Many pet owners often seek help from the Emergency and Critical Care team at Foster Hospital for Small Animals at Cummings School of Veterinary Medicine when they suspect their companion pet has ingested a toxic substance. Some of the most common toxins that we see in the emergency room for treatment include: chocolate, xylitol (sugar alternative), human medications, rodenticides and antifreeze. Although many of these items don’t seem like things that dogs or cats would consume, our staff are always amazed at the things pets might find access to, especially if home alone and bored.
If your pet ingests any of these toxins the general approach is the same – immediately contact a veterinarian, emergency clinic or poison control center and follow their instructions. If your pet ingested a low dose of a mildly toxic substance they might just say that a watch and wait approach is appropriate. Generally, however, for higher doses or more toxic compounds the recommendation will be to induce vomiting and bring the pet to the veterinarian for immediate assessment and treatment.
Chocolate – It is not uncommon for dogs to consume chocolate, which can be toxic depending on the amount and type ingested. Dark and Bakers chocolate contain a lot more of the chemicals that are toxic to pets. Where small amounts of milk chocolate may be less harmful, large amounts of milk chocolate or small amounts of dark chocolate can cause serious problems and even be life-threatening. The main concern with chocolate toxicity is cardiac arrhythmias (particularly a dangerously high heart rate) and gastrointestinal upset. If your dog is found to accidentally ingest chocolate, please seek veterinary advice immediately. Management will involve inducing vomiting and potentially hospitalization for heart rate monitoring (via an EKG) in conjunction with intravenous drugs to help control high heart rate.
Xylitol – Xylitol is an artificial sweetener, most commonly found in chewing gum. It is also used to sweeten other food items, such as baked goods. Even a small amount of gum (a few sticks / pieces of gum) can cause clinical signs. The main concern with xylitol ingestion is that it can cause a dog’s blood sugar to drop rapidly, which can potentially result in seizures. Another consequence of xylitol ingestion is liver damage that can result in liver failure. If your dog is found to accidentally ingest xylitol-containing gum or baked goods, you should seek veterinary advice immediately. Management will involve inducing vomiting, blood tests to check blood sugar and liver enzymes, and potentially hospitalization for intravenous fluid therapy and ongoing monitoring.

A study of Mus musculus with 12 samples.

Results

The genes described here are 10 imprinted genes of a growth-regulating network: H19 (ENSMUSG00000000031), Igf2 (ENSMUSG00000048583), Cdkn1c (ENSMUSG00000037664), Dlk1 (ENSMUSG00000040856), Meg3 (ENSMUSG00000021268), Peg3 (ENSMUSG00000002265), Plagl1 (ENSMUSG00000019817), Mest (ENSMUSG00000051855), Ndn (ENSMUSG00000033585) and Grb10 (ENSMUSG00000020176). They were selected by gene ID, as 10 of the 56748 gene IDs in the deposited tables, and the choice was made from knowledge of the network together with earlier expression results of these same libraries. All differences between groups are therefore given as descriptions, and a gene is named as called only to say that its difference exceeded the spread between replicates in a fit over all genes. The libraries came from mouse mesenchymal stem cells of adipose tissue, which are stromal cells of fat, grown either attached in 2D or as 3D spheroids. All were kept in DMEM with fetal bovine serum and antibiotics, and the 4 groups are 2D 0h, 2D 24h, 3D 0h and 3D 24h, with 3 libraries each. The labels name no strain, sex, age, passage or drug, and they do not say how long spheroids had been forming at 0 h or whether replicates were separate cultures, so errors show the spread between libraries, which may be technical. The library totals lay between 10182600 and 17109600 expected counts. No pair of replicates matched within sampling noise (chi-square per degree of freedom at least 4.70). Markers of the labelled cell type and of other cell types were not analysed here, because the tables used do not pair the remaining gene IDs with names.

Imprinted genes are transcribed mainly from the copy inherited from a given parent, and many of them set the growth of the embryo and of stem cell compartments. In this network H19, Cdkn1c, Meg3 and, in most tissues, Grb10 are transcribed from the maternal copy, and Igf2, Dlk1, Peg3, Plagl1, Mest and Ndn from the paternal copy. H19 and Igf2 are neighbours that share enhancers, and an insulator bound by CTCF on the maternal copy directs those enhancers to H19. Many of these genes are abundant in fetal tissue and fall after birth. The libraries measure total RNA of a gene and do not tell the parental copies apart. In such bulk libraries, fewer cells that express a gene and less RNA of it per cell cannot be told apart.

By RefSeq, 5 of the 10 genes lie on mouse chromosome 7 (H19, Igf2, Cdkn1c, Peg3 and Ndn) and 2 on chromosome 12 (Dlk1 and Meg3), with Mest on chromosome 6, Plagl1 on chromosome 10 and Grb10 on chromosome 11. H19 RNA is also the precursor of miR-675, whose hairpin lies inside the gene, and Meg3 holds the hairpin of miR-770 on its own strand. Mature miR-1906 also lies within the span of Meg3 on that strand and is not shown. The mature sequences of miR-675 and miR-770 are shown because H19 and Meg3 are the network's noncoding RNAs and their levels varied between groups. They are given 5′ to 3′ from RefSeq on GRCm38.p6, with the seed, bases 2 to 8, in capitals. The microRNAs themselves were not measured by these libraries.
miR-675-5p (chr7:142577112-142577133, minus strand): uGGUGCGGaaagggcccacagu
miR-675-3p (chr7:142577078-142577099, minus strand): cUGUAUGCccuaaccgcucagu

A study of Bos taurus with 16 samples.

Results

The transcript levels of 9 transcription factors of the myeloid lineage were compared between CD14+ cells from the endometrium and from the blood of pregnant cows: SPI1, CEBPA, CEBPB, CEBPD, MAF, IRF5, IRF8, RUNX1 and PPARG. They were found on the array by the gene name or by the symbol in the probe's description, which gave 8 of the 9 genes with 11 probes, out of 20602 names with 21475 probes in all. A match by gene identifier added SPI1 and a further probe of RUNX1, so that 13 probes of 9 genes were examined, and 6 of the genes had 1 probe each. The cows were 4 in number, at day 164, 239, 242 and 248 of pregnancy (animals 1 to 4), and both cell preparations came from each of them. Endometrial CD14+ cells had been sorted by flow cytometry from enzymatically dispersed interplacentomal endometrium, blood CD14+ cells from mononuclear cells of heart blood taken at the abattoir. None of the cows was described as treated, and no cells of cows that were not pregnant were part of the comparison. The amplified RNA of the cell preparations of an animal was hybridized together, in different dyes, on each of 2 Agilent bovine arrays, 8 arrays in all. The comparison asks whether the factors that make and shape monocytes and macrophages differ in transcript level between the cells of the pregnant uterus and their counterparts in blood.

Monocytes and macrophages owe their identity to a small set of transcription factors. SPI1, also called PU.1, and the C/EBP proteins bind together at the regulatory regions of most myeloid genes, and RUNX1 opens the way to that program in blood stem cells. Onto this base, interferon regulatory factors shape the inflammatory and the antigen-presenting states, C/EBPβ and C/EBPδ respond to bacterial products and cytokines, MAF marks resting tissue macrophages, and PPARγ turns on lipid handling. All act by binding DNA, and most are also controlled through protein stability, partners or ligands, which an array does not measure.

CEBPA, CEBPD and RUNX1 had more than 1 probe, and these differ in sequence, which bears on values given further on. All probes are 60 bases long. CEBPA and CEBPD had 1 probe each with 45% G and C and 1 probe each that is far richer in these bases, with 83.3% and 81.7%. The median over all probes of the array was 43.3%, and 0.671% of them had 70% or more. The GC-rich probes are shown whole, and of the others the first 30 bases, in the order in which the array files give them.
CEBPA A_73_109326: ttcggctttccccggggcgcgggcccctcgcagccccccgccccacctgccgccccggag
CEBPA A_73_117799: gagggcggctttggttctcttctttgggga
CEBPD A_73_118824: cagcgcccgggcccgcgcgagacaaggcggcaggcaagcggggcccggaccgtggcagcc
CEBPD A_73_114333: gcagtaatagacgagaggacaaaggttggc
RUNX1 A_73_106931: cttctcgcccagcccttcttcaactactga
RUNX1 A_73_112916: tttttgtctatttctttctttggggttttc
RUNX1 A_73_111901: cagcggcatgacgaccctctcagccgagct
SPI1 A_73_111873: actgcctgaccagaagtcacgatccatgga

Medications – Dogs and cats can be very curious and commonly get into their owner’s (or each other’s) medications. Dogs, in particular, are able to chew through and open plastic bill bottles. Dogs and cats may even work together in their mission. Cats will knock pill bottles off high surfaces (such as on top of the fridge or the counter) and dogs will then chew open the bottle. Some of the kinds of medications that they may get into include blood pressure medications, heart medications, non-steroidal anti-inflammatory drugs, sleep aids, and anti-depressants. These drugs can have a wide array of toxic symptoms, so again the best approach is to seek veterinary advice immediately if your pet ingests medications it shouldn’t.
Rat and mouse baits (rodenticides) – There are a variety of rodenticides on the market now that cause quite different symptoms – some cause bleeding problems (anti-coagulant), while others cause neurologic signs. All rodenticides can be life threatening if ingested by dogs or cats. If you realize that your pet has gotten into a rat or mouse bait, seek veterinary advice immediately. If it is an anticoagulant rodenticide, testing may include checking blood-clotting times, and treatment may include vitamin K. If it is a neurotoxin then your pet may need to be hospitalized for intensive care.
Antifreeze – Antifreeze contains a toxic compound called ethylene glycol, which even in very small amounts (e.g., teaspoon) can cause serious toxicity. Ethylene glycol initially causes abnormal behavior, and increased drinking, but goes on to cause irreversible kidney failure. Unless detected early antifreeze ingestion is commonly fatal. If your pet ingests antifreeze seek veterinary care immediately. Initial treatment may include inducing vomiting, testing for ethylene glycol, other blood tests and administration of an antidote. Dialysis therapy may also be needed.
The best thing you can do is prevent accidents by taking the proper precautions, keeping these culprits in mind. In the event of an emergency, always be prepared.
- Save the container and/or label of any poisonous item that your pet has ingested, as it can help to determine the best approach to treating your pet’s toxicity.
- Post your veterinarian’s phone number in a convenient location as well as the address and phone number of a nearby emergency clinic and the National Animal Poison Control Center (NAPCC) (888)426-4435.